Software’s Rocky Mountain High

For the third consecutive year, Boulder, Colo., has been ranked by the
Software & Information Industry Association (SIIA) as the top metropolitan
area for software-related employment. The second leading area was San Jose,
Calif., followed by San Francisco, Washington, D.C. and Seattle.


Rounding out the top ten are Seattle, Boston, Austin, Raleigh-Durham-Chapel
Hill, Denver and Middlesex-Somerset-Hunterdon (N.J.).


New arrivals in this year’s top 25 are Middlesex-Somerset-Hunterdon, N.J.;
Sioux Falls, S.D.; Colorado Springs, Colo.; Trenton, N.J.;
Wilmington-Newark,
Del.-Md.; and Tallahassee, Fla.


Dropping out of the top 25 were Charlotte-Gastonia-Rock Hill, N.C.-S.C.;
Provo-Orem, Utah; Kansas City, Mo.-Kan.; Columbus, Ohio; and
Bloomington-Normal, Il.


Occupations included in calculating software employment are programmers,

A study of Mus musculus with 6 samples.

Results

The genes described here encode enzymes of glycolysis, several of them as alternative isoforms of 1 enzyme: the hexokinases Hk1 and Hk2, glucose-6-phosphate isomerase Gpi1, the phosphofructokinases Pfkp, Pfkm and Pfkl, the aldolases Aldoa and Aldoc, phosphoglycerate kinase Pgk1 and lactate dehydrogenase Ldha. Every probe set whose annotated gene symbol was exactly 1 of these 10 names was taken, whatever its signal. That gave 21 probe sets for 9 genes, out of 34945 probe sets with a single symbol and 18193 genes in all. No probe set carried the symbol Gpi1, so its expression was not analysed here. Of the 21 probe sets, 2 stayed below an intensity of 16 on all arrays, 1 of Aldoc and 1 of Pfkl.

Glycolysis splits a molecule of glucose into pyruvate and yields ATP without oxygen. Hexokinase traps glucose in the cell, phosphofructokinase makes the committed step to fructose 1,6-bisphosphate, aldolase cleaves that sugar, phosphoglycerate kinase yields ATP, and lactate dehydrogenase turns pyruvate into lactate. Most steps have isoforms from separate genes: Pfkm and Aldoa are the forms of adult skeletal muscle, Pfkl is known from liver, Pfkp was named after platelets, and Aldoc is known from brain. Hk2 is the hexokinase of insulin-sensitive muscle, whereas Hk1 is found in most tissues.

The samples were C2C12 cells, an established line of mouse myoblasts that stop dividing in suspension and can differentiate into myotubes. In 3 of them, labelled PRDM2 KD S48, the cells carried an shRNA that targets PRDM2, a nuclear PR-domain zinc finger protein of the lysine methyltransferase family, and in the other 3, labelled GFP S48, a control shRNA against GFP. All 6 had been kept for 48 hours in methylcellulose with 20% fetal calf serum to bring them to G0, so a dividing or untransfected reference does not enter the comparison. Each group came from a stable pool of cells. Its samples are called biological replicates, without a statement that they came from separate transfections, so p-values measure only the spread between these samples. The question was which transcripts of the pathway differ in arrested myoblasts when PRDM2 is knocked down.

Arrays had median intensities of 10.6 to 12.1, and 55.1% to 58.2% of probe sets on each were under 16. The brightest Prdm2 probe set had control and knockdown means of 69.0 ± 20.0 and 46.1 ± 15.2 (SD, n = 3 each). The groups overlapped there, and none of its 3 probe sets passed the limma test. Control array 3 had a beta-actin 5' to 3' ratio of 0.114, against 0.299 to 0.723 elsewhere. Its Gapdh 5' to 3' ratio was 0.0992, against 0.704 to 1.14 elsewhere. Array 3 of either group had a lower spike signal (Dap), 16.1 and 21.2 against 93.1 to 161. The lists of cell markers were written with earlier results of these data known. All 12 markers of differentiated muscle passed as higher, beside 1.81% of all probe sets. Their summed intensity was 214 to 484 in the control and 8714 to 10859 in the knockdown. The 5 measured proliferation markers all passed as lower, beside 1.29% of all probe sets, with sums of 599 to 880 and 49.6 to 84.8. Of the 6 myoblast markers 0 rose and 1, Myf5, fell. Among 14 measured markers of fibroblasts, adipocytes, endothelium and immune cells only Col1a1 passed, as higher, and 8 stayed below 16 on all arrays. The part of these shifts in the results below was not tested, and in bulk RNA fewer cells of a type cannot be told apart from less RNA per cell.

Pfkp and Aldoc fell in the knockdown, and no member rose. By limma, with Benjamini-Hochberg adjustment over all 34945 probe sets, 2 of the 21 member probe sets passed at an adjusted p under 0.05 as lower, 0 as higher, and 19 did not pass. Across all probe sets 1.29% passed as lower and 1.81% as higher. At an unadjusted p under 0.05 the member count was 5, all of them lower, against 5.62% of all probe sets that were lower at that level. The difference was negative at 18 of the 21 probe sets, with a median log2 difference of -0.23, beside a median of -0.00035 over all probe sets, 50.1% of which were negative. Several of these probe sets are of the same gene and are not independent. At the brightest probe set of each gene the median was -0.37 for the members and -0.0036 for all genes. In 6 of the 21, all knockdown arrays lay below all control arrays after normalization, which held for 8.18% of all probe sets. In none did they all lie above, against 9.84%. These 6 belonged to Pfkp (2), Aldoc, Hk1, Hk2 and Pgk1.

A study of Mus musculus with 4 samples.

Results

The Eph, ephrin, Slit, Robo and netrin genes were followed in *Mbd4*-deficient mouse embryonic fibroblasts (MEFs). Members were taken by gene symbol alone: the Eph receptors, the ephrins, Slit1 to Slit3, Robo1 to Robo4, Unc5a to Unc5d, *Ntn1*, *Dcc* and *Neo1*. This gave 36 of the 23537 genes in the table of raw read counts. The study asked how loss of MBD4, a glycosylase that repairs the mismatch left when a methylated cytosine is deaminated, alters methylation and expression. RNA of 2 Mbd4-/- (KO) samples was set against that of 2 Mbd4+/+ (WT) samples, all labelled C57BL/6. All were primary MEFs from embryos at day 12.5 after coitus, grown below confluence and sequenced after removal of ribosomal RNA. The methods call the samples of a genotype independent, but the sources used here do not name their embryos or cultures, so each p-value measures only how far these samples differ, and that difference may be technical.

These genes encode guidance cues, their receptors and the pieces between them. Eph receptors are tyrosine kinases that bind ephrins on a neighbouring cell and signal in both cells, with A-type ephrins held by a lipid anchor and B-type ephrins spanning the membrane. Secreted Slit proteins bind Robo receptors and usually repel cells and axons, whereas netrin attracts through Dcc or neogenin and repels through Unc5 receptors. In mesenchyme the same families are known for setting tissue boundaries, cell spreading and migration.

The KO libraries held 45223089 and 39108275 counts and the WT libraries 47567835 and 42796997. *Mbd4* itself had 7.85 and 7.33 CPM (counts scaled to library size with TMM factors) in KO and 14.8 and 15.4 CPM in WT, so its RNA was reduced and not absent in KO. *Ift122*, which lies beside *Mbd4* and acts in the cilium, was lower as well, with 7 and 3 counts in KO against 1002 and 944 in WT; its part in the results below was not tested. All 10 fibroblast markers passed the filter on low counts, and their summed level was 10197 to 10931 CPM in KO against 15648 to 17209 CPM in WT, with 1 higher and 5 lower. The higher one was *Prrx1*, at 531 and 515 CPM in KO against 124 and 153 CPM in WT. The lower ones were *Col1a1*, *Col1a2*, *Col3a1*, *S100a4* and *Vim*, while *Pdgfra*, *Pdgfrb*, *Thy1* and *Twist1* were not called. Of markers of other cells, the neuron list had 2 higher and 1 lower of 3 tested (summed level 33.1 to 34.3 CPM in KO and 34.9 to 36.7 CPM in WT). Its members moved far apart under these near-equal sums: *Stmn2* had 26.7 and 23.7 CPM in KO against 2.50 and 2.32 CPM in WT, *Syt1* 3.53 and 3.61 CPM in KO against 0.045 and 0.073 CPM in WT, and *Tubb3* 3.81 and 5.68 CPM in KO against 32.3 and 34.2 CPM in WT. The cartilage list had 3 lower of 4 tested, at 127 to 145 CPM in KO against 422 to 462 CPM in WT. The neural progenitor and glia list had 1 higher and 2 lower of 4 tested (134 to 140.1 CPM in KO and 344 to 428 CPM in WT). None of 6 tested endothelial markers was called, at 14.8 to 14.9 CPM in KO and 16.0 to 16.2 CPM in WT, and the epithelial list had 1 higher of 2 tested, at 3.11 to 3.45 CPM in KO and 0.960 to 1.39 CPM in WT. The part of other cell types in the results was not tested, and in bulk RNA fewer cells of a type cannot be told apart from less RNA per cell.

software engineers, systems analysts, database administrators, network
administrators and analysts and support specialists. The rankings are based
on
the number of software-related employees divided by area population,
relative
to the ratio for the U.S. as a whole. Metropolitan areas are the
county-based
OMB areas.


In 1998, the Bureau of Labor Statistics and OMB released a comprehensive
renovation of the Standard Occupational Classifications. In 1999
information-
gathering procedures were also changed. The 2000 Occupational Employment
Survey, on which these data are based, includes both the new definitions and
survey procedures. While these changes are an improvement as far as accuracy
is concerned, they do make comparison of 1998, 1999 and 2000 occupational
data
problematic.


“The software industry has created a tremendous number of high-skilled jobs
throughout the country,” said Ken Wasch, president of the Washington,
D.C.-based SIIA. “The array of cities in this list exemplifies the
importance
of software and technology to the US economy.”


A closer examination of the top 25 metro areas reveals how some of the
“surprise” cities have greatly benefited from specific companies’ location
there: Boulder (IBM and SUN Microsystems); Huntsville, Ala. (NASA); and
Sioux
Falls, S.D. (Gateway Computers).


The SIIA is the principal trade association
for the software and digital content industry.